Why Brainstorming Doesn't Spark Innovation
Kauffman Foundation scholar Sam Arbesman made media waves recently with his book The Half-Life of Facts, which reminds the general reader of an obvious but often overlooked fact of scientific progress. Science evolves, so facts change (despite the lessons of Popeye, for example, spinach actually isn't loaded with iron).
"You shouldn't view your education as a done deal," advises a fun sketchbook of the book's main points.
So does this insight mainly have to do with nutrition and astronomy, or can small business owners apply it to their working lives as well? Turns out, that there's at least one glaring example of outdated science that's still widely accepted by many entrepreneurs.
Columbia Business School professor William Duggan is an expert in intuition and innovation and the author or a new book entitled Creative Strategy. And as he recently told his university's Ideas@Work publication, the generally accepted model of how to generate creative ideas is badly out of touch with the latest science.
Brainstorming, it turns out, is about as current as medical leeches and phrenology, according to Duggan:
I was surprised to discover that 99 percent of innovation methods that people use today are based on a model of the brain that neuroscientists abandoned more than a decade ago. In essence, these innovation methods tell you to do some kind of research or analysis, and then you brainstorm to come up with your innovation idea. The theory of brainstorming is that you turn off your analytical left brain, turn on your intuitive right brain, and creative ideas pop out. But neuroscience now tells us that there is no right or left side of the brain when it comes to thinking. Creative ideas actually happen in the mind, as the whole brain takes in past elements, then selects and combines them — and that’s how creative strategy works.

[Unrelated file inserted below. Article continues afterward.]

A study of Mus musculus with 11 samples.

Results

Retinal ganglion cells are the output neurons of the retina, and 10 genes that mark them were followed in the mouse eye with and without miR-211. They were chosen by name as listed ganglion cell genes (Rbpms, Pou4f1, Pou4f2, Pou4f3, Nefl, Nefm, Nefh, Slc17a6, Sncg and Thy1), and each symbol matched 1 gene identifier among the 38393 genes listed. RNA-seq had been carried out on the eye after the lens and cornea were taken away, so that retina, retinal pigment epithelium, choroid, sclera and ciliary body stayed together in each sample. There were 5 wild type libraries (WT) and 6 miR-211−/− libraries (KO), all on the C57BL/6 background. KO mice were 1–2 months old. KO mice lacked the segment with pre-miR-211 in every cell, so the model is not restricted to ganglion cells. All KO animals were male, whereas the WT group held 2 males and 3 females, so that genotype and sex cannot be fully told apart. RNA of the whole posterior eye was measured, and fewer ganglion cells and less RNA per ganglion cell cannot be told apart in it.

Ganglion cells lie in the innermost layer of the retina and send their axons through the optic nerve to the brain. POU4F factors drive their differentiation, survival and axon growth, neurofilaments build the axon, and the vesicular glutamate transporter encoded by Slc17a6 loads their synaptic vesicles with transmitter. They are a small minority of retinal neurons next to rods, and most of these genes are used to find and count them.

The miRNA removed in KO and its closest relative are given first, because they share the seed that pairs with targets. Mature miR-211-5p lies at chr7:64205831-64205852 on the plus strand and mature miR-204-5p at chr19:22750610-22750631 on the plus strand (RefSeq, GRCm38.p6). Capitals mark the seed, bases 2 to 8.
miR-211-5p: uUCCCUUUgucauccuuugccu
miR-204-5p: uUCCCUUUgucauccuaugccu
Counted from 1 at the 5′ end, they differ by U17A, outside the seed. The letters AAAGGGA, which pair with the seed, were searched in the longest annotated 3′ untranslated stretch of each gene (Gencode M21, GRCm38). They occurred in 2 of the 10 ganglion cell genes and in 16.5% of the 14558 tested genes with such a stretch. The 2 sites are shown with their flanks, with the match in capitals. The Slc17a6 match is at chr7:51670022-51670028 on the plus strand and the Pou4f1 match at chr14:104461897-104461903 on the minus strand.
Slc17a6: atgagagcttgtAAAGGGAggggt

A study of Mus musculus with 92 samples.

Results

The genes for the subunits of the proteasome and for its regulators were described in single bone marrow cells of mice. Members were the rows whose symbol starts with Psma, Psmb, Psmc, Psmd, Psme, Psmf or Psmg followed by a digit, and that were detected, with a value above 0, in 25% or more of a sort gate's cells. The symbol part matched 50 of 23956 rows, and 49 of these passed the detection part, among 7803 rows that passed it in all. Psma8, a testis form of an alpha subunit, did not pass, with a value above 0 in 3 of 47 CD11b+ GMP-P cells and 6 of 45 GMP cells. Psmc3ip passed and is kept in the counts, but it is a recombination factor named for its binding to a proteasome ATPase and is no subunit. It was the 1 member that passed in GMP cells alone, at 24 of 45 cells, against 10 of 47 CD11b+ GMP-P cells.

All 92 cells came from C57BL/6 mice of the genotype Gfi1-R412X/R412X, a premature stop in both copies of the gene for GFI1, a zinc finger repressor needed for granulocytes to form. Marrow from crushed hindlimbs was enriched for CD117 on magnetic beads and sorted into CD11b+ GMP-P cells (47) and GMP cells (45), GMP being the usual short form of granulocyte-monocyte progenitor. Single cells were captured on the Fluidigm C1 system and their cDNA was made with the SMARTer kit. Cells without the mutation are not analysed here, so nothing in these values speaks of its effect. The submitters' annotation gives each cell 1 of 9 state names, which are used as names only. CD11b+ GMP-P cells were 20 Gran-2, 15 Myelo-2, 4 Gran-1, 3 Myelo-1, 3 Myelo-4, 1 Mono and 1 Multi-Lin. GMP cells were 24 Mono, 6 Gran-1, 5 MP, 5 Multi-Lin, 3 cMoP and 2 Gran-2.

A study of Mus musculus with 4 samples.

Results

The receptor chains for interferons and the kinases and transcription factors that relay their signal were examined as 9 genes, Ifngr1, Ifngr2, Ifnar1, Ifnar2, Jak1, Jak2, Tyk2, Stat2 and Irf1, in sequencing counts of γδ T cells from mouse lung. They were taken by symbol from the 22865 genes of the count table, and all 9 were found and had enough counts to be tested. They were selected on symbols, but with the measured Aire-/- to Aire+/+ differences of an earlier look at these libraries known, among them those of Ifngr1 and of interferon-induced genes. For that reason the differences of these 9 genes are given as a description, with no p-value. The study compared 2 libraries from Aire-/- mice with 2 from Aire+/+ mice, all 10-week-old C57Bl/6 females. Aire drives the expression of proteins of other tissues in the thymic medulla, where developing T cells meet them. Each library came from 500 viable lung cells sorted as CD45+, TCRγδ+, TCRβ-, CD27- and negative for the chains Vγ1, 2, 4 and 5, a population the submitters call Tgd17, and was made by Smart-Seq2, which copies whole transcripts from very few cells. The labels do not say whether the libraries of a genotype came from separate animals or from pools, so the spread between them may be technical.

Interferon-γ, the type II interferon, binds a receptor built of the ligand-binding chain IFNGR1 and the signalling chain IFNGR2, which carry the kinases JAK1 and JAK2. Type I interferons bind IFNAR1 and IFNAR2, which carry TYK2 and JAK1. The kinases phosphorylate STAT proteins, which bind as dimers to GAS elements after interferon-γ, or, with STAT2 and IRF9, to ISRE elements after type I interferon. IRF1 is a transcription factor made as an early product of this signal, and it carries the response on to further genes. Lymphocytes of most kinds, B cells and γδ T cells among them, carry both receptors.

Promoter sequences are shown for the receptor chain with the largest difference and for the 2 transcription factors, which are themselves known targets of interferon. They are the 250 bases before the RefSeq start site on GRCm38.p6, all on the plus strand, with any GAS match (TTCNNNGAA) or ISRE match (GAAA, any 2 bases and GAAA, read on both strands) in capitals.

If you're after innovative ideas, no matter how you tweak your brainstorming method, it's about as likely to lead you where you want to go as a map of a flat Earth. So what works better in Duggan's opinion?
"Here’s how it works: you start with a problem or situation where you aim for an innovation, break that down in to elements of the problem, and then search for precedents that solve each element. You then see a subset of these precedents come together in your mind as a new combination that solves the problem. That idea is your innovation," explains Ideas@Work.
Have you had any success with brainstorming and, if not, what did you try instead?
JESSICA STILLMAN | Columnist
Jessica Stillman is a freelance writer based in London with interests in unconventional career paths, generational differences, and the future of work. She has blogged for CBS MoneyWatch, GigaOM, and Brazen Careerist.